The Monster of Florence: A True Story
Douglas Preston with Mario Spezi
Grand Central Publishing

To give them credit, I likely would have paid more attention to the second half of the book if I were still on summer vacation.

The Monster of Florence is a collaboration between American thriller author Douglas Preston and Italian journalist Mario Spezi. The involvement of an American with this Tuscan tale of murder is only appropriate, because the book examines, and in part undermines, the idea that serial killers are a uniquely American, or at least Anglophone, phenomenon.

Starting in the late sixties, young couples who had driven out of Florence to the countryside were attacked when they were at their most vulnerable–naked and unafraid. The killer’s method was savage; his treatment of the female victims post mortem indicates he hated women.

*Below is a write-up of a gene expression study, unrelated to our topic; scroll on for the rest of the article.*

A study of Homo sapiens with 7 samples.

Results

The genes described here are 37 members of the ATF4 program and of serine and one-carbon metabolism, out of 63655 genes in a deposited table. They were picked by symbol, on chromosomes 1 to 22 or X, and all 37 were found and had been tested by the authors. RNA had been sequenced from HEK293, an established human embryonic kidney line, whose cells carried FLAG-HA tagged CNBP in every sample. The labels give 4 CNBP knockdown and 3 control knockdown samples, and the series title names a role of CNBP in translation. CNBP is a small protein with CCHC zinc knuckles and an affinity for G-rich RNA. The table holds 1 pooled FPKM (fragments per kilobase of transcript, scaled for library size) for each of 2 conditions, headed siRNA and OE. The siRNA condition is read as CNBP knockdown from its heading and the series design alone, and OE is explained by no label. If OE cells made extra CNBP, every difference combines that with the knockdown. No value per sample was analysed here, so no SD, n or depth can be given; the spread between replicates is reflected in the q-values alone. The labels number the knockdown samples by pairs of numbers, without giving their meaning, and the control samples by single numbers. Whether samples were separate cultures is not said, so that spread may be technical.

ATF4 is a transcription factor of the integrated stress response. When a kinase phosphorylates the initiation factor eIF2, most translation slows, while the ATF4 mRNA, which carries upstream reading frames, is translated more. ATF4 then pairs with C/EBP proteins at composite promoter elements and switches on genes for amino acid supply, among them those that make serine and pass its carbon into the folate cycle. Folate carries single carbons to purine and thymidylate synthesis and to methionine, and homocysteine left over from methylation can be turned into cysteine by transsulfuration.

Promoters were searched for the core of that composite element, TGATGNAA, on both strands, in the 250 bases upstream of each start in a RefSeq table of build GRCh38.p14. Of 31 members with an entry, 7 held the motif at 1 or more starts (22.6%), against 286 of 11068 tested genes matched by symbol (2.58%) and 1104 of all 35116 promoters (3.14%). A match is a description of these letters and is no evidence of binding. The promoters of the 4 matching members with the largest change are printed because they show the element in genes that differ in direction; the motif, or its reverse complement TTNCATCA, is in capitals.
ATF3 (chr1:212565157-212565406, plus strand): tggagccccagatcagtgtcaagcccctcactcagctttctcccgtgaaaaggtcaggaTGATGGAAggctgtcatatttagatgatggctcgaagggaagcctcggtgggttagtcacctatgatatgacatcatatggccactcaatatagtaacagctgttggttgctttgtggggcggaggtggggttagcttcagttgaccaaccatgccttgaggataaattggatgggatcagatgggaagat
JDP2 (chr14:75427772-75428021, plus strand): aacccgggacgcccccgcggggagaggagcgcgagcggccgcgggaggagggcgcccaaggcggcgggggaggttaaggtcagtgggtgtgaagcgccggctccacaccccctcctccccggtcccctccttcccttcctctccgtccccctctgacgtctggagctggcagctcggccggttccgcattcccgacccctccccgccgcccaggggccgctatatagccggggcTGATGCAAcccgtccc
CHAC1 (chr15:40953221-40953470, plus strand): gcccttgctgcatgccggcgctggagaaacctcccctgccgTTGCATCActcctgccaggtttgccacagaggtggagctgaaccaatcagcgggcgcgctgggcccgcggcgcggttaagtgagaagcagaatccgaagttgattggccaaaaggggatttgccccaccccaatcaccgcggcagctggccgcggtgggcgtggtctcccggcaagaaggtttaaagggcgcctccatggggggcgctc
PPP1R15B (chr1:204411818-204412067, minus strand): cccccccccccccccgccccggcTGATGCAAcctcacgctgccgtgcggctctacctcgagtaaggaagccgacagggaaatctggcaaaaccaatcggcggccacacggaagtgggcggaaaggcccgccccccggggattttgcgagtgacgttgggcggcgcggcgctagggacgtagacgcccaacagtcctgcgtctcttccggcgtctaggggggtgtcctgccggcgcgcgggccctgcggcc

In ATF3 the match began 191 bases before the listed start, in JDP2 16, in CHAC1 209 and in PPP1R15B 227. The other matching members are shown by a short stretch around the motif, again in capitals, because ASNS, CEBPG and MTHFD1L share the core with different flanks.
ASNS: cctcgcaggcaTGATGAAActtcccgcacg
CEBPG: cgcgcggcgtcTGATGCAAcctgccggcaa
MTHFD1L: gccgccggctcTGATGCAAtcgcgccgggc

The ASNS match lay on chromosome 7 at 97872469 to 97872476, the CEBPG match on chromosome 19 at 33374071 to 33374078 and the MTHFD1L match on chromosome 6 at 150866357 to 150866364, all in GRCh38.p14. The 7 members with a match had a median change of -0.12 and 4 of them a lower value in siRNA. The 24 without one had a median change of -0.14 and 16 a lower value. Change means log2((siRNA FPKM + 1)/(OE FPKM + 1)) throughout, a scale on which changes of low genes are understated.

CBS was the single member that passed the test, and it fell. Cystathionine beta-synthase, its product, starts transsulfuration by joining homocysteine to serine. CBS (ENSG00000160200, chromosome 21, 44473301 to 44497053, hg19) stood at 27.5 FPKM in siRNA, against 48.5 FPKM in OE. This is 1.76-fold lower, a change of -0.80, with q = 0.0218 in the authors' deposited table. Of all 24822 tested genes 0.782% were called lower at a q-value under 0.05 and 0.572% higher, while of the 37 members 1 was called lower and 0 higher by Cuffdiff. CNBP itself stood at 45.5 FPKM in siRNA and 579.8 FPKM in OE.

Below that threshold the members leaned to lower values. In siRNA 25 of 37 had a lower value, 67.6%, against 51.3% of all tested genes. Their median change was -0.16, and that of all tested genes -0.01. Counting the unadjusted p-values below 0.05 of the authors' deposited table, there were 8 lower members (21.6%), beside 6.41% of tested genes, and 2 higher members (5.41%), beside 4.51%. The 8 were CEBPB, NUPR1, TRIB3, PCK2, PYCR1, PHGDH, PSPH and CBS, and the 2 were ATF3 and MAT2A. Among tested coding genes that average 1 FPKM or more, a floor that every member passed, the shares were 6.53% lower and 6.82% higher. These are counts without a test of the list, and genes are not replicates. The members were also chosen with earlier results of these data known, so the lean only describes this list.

Here’s a thought to keep you up at night, ladies: they never caught him.

After a fairly gripping account of the crimes, the early investigation, and the socioeconomic trends in Italy that may have brought the killer to Florence, this story ends and is substituted with another. The second half of the book accounts the entanglement of the authors in the case. At one point, the desperate Italian prosecutors try to implicate Spezi. Because, you know, he asked hard questions about the case.

The legal nightmare that was the investigation will sound familiar to anyone familiar with the Amanda Knox double-jeopardy spectacular.

2/5 stars: a valiant effort, with a promising start, but it loses the plot.
3/5 ‘fraidy cats: seems distant in time and location, unless you live in Italy
4/5 ick-factor: The “calling card” of this killer is horrifying.